Friday, October 22, 2010

Fly Away to XAND-Ado, or Where is Elaine DeFreitas? - Peggy Munson

Dr. David Bell predicts "I think treatments will be available from every family physician in America who accepts Medicare.  The question is whether this occurs next year or twenty years from now." 

I would argue that the best determinant of whether treatments are available in one year or twenty has a lot to do with whether we remain soft-spoken or ACT-UP, whether we deny history or make sure it never gets repeated, and whether we stop feeding the hands that bite us.   

Judy Mikovitz, who spearheaded the XMRV research at the Whittemore-Peterson Institute, said ME/CFS patients are too debilitated to even easily infect other people.  Addressing why XMRV hasn't spread like AIDS, Mikovitz said in Science News, "It's probably not spreading very fast, because people with chronic fatigue 'are too sick to do anything.'"       
Too sick to spread our own epidemic!  It's almost t-shirt worthy.

So where is Elaine DeFreitas?

This question is important because, as activists, we have to understand what happened to DeFreitas to keep history from being repeated and studies from not being repeated.

A 1996 Newsweek review of Osler's Web reads almost like a prediction about DeFreitas' legacy: ". . .when the CDC publishes a paper saying it has been unable to replicate her findings, her support evaporates. By early 1995, the saga has cost [Dr. Paul] Cheney and [Dr. David] Bell their marriages, and a regretful de Freitas fears her career as a scientist is finished. The book closes with the image of an infectious disease spreading unchecked as an arrogant medical establishment looks the other way."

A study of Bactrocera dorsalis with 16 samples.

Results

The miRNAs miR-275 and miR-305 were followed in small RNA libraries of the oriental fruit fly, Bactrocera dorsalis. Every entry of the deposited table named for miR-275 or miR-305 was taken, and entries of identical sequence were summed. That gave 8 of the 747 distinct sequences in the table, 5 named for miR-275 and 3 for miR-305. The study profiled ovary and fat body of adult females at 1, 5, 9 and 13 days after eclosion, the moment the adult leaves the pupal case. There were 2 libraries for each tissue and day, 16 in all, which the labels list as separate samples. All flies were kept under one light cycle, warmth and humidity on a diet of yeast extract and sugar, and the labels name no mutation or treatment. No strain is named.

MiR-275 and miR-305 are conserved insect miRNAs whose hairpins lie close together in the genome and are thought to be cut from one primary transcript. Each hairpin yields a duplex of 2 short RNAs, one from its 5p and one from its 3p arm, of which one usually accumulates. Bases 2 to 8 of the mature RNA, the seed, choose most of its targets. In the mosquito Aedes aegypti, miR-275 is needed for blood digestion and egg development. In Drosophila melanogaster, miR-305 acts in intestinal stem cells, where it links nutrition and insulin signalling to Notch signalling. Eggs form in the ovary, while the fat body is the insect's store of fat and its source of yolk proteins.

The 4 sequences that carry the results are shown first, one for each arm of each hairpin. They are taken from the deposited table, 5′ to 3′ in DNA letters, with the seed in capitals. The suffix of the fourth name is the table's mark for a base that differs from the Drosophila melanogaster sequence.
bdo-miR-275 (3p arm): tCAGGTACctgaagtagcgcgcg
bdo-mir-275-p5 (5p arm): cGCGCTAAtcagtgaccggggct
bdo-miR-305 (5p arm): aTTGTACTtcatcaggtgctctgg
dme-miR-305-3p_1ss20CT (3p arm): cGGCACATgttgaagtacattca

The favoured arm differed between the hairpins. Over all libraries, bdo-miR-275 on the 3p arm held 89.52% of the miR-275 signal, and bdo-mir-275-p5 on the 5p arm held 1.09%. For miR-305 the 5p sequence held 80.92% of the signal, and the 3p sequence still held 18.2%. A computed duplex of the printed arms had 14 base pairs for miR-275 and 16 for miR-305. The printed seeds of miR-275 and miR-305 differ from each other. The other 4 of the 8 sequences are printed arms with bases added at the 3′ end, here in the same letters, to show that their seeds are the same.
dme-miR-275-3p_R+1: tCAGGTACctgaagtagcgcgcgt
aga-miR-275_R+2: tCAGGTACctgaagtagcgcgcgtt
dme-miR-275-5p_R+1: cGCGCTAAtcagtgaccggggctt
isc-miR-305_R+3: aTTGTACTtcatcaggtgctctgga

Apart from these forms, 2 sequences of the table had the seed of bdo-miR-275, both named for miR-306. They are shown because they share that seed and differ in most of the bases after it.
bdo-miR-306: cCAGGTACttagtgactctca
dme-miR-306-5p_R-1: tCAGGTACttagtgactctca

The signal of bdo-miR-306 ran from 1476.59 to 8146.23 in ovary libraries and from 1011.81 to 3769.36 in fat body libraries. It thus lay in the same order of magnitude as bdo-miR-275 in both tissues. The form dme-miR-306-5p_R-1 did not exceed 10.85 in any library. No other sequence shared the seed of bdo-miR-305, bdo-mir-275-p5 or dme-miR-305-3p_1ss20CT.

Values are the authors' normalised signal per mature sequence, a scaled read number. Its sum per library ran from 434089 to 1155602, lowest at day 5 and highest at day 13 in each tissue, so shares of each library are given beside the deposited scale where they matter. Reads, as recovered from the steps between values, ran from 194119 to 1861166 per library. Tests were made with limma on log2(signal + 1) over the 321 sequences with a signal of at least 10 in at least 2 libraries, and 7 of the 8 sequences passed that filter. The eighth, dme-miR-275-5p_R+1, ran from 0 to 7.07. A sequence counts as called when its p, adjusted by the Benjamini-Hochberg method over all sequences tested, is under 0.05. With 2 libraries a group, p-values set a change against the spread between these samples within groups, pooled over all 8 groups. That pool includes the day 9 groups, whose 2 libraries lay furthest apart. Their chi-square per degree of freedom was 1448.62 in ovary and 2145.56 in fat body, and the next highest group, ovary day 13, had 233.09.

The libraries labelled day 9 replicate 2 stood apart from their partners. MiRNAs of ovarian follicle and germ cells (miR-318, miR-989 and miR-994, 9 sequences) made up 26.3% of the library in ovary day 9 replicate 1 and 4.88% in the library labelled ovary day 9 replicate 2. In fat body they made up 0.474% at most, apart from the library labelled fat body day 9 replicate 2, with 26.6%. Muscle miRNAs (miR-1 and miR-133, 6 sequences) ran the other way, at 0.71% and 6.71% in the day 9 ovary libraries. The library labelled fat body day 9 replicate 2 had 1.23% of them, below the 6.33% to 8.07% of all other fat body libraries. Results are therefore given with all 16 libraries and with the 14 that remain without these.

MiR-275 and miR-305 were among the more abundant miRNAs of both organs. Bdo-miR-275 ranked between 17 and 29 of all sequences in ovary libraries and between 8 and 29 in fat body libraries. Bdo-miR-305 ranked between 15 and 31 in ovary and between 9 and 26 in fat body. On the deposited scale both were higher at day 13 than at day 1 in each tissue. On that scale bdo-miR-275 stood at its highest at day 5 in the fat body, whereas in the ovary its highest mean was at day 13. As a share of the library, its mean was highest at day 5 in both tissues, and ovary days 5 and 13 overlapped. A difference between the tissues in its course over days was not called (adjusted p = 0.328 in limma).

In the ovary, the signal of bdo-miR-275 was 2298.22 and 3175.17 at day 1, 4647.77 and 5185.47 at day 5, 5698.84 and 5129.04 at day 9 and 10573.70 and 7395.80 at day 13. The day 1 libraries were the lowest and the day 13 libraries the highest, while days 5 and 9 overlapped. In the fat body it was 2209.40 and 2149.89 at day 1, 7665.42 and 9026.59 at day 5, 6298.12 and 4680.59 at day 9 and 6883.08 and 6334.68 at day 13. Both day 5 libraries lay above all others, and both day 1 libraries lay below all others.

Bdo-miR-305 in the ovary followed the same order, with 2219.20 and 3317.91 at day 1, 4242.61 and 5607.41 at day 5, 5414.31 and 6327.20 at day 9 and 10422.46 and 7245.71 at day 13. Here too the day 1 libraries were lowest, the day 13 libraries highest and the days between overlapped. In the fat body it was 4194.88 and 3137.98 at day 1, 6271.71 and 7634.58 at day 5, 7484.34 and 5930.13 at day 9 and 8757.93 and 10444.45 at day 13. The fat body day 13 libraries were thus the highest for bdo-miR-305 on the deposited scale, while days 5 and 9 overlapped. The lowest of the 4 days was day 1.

It is important to note that DeFreitas thought she found in ME/CFS was an unknown human retrovirus.  The only known human retroviruses at the time were HIV and HTLV-1/HTLV-2.

As Hilary Johnson reported in Osler's Web:
"DeFreitas spoke next. . . . 'Clearly this virus is not HTLV-two. We now have additional data that verifies that point.'. . .Then DeFreitas moved on to the most interesting aspect of her work: the virus's appearance. 'We've look at four of these five cell lines. We can see particles by electron microscope, but not extracellular virus,' she said. 'We are not looking for a C-type retrovirus.' The significance of DeFreitas's comment most likely was appreciated by most present: every known human retrovirus was a C-type."

The ME/CFS forums are buzzing with people who claim to have "insider information" that Judy Mikovitz thinks DeFreitas actually discovered XMRV in ME/CFS back in the early '90s.
DeFreitas said, "I could see myself twenty years from now, when I'm a high school biology teacher and someone calls and says, 'Hey they just found a retrovirus in CFS.'  And maybe that's how it will happen.  And I know how I'll feel -- I'll feel great."